The suit, filed Tuesday, asks for about $100,000 in damages.
A dismissed temporary worker for the Kansas Department of Revenue is suing that agency and its chief for firing him after he revealed thousands of dollars in income tax payment checks were nearly lost to a shredder.
A spokeswoman for Revenue Secretary Karla Pierce said Wednesday evening neither Pierce nor the department would comment on the suit because they had not seen it yet.
Daniel Copp of Auburn alleges in a lawsuit filed Tuesday in Shawnee County District Court that he was fired for revealing that more than $50,000 in checks had been rescued from the shredder at the Revenue Department's warehouse in East Topeka.
Copp worked there as a file clerk and was employed by Key Staffing, a Topeka temporary employment agency that provides workers to the state.
After taking home a notebook listing amounts of checks and the dates on which they were found, Copp was dismissed by Key.
After revealing the problem to the Journal-World in July, Copp asked the State Civil Service Board to reinstate him claiming protection under the state's whistleblower protection law.
In August, that board said Copp was not a state employee and the board did not have jurisdiction over his dismissal.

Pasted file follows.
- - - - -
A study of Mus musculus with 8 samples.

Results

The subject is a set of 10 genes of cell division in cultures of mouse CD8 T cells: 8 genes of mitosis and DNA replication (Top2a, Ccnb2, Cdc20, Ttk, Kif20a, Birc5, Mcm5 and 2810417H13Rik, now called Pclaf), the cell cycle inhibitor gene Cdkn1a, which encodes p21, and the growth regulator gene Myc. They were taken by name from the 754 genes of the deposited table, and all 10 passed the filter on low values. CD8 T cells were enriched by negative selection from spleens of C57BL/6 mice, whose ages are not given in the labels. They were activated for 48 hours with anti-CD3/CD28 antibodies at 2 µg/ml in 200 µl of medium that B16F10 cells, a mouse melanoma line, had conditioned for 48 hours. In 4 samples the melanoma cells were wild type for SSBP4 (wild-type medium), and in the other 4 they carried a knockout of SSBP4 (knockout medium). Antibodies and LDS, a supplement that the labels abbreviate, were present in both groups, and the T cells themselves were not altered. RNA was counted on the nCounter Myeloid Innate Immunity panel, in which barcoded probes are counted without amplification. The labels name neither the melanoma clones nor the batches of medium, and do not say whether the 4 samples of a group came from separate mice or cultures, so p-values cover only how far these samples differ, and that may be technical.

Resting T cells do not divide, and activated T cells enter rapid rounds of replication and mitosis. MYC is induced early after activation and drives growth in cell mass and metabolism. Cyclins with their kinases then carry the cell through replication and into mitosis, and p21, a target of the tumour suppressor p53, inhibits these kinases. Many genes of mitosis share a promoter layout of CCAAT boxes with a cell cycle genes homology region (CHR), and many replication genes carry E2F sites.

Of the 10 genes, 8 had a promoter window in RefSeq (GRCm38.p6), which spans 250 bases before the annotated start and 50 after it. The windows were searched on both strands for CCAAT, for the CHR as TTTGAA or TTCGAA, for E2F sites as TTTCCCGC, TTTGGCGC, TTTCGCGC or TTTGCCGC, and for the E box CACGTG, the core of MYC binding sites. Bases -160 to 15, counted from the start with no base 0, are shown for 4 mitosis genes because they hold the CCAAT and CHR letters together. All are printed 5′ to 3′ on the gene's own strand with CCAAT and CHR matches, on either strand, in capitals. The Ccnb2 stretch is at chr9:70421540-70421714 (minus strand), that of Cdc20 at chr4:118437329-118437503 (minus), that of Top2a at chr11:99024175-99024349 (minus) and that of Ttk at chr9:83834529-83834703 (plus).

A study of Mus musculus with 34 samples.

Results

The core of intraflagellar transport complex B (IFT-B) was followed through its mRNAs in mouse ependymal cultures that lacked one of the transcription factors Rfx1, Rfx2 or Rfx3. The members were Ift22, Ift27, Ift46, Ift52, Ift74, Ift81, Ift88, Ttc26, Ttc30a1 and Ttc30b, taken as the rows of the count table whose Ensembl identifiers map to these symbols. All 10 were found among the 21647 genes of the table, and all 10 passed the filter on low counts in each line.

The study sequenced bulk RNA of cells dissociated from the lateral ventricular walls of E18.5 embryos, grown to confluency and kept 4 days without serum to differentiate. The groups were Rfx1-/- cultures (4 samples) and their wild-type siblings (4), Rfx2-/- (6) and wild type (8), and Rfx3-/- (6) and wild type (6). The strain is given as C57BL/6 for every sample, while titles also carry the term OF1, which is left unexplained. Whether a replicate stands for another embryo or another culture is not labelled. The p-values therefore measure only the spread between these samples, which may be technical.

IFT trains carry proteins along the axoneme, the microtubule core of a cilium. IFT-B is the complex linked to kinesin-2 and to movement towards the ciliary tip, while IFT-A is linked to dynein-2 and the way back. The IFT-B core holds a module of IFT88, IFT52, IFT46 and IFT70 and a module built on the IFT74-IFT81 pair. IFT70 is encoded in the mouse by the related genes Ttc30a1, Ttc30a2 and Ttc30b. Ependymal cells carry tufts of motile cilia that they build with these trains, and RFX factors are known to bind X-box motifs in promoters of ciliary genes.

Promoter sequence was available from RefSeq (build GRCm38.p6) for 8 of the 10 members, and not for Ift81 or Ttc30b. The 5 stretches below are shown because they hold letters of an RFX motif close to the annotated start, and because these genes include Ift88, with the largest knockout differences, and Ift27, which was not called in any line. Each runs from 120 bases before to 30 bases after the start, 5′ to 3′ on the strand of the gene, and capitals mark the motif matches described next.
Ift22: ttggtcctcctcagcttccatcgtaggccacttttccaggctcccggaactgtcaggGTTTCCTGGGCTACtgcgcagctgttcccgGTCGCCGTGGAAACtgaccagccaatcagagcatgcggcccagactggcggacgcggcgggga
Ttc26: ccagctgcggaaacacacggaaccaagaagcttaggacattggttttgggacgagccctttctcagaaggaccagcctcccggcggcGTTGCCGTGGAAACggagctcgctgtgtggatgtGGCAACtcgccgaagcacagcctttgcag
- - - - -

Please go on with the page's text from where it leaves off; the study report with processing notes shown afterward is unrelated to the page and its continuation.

In his lawsuit, Copp asks the court to review the board's decision as provided for by state law and to overturn it.
Copp then asks the court to find, in contrast to the board's decision, that he was a state employee protected by the whistleblower act. And, further, that his speaking out on problems at the Department of Revenue was protected by the First Amendment.
Copp is seeking a judgment in excess of $50,000 for damages for his dismissal and a judgment, also in excess of $50,000, for firing him for exercising his rights under state and federal law.
"The suit's necessary because I was treated wrong," Copp said. "What they said about me wasn't the truth. I thought this was the only recourse to take given the way I was treated by the state of Kansas."
Revenue officials have said Copp was dismissed because he revealed confidential tax information, specifically, copies of the pages of the notebooks, to the Journal-World and other reporters.
The notebooks do not list names, addresses or social security numbers of taxpayers.